I haven’t written about the majority of his roles – not for lack of admiration (and in some cases, awestruck wonder) – but here is what I have written:
I included his “you talkin’ to me” scene in my gigantic piece for Oscilloscope on scenes where men look at themselves in the mirror. I mean, it’s really the Grand Master of them all.
When Taxi Driver was restored for its 35th anniversary, I went to see it at the press screening – the colors of that film are overwhelming – and then wrote about it on my site.
Additionally, when I interviewed Dan Callahan about his excellent books, The Art of American Screen Acting, volumes 1 and 2, we discussed De Niro at length. I think Callahan’s chapter on De Niro in Volume 2 is one of the best things written about the actor – who is a difficult subject.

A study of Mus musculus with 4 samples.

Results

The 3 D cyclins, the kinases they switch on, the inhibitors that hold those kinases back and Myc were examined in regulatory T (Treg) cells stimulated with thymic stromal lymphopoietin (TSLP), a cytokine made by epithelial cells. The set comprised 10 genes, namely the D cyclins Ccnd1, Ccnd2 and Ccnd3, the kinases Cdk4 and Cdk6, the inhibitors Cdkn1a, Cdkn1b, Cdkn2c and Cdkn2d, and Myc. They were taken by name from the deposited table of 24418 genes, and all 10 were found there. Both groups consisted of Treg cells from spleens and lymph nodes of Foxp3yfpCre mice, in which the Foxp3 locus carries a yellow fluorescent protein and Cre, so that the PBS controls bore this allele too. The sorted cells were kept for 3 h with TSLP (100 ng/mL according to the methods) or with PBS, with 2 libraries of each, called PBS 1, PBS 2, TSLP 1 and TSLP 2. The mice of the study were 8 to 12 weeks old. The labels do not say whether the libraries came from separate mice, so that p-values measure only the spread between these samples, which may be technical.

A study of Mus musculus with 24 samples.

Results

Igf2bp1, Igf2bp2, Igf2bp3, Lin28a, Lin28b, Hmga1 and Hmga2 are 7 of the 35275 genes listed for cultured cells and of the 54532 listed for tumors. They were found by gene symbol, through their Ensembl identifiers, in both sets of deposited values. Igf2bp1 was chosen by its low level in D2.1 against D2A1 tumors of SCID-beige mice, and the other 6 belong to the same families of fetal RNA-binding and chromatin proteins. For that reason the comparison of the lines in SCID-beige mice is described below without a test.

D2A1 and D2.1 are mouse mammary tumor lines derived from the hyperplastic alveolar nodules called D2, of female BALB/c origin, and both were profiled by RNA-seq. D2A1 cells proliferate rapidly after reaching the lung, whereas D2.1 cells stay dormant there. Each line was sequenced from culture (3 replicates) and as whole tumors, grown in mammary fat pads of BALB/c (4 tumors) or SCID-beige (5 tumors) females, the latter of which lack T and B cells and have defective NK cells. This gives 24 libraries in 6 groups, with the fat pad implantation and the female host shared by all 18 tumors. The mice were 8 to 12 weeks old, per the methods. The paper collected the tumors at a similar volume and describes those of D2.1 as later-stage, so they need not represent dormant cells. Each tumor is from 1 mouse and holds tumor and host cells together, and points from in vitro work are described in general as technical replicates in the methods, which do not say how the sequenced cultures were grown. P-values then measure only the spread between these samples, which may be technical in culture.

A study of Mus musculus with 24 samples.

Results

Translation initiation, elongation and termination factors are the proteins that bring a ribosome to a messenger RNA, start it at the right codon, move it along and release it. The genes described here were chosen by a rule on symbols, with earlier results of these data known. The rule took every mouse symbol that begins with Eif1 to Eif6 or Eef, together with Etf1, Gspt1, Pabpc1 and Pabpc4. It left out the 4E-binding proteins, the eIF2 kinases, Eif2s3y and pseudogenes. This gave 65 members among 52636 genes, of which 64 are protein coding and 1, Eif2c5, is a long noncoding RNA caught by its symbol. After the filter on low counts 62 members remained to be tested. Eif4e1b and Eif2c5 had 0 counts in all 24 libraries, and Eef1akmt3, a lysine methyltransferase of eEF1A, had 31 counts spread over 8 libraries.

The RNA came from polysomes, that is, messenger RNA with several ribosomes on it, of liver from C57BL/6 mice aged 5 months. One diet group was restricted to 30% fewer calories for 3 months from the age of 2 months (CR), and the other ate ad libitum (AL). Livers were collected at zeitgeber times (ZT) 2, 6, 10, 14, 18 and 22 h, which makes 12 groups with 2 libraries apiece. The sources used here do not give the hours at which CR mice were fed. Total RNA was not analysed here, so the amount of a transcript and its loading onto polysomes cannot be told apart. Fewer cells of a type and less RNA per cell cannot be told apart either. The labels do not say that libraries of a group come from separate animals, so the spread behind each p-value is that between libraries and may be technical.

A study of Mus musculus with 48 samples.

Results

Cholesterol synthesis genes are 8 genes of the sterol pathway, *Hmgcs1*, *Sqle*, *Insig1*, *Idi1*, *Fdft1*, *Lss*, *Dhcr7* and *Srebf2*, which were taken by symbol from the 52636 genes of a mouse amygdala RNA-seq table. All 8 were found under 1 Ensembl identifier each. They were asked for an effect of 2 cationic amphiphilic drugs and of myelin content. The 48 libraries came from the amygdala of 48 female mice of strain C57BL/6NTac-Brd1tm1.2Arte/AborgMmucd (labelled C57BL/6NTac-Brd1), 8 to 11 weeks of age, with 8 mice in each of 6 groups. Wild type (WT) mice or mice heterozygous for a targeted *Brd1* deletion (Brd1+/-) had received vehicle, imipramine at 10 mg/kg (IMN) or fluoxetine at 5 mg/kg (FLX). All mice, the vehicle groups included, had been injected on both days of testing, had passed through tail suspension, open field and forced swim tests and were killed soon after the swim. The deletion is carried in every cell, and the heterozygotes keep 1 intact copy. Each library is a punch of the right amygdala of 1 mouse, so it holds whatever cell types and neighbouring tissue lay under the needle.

The recent thrill of my life was writing and narrating a video-essay to be included on Criterion’s 4k release of Raging Bull.
My video-essay is in the special features of the DVD/Blu release, and for Criterion subscribers it’s streaming on the website. I did a deep DEEP dive into Robert De Niro’s work, much of it was a re-tread, since we (my group of friends and I) were obsessed with him as college-age acting students. We weren’t fans. We STUDIED him. So I watched it all. I read all the Scorsese books. There aren’t too many interviews with De Niro and he’s not particularly articulate about his process. The greats rarely are. But it was a glorious experience, and even after I handed in my draft of the video-essay, I kept going on chronologically, moving past Raging Bull and on into the 80s and 90s. I’m back on the Elvis train now, so I had to take a step back with the De Niro project, but I do want to shout out Stone, a 2010 movie I missed when it first came out. Missing it was a major error, because this performance should be counted as one of his greatest. See it.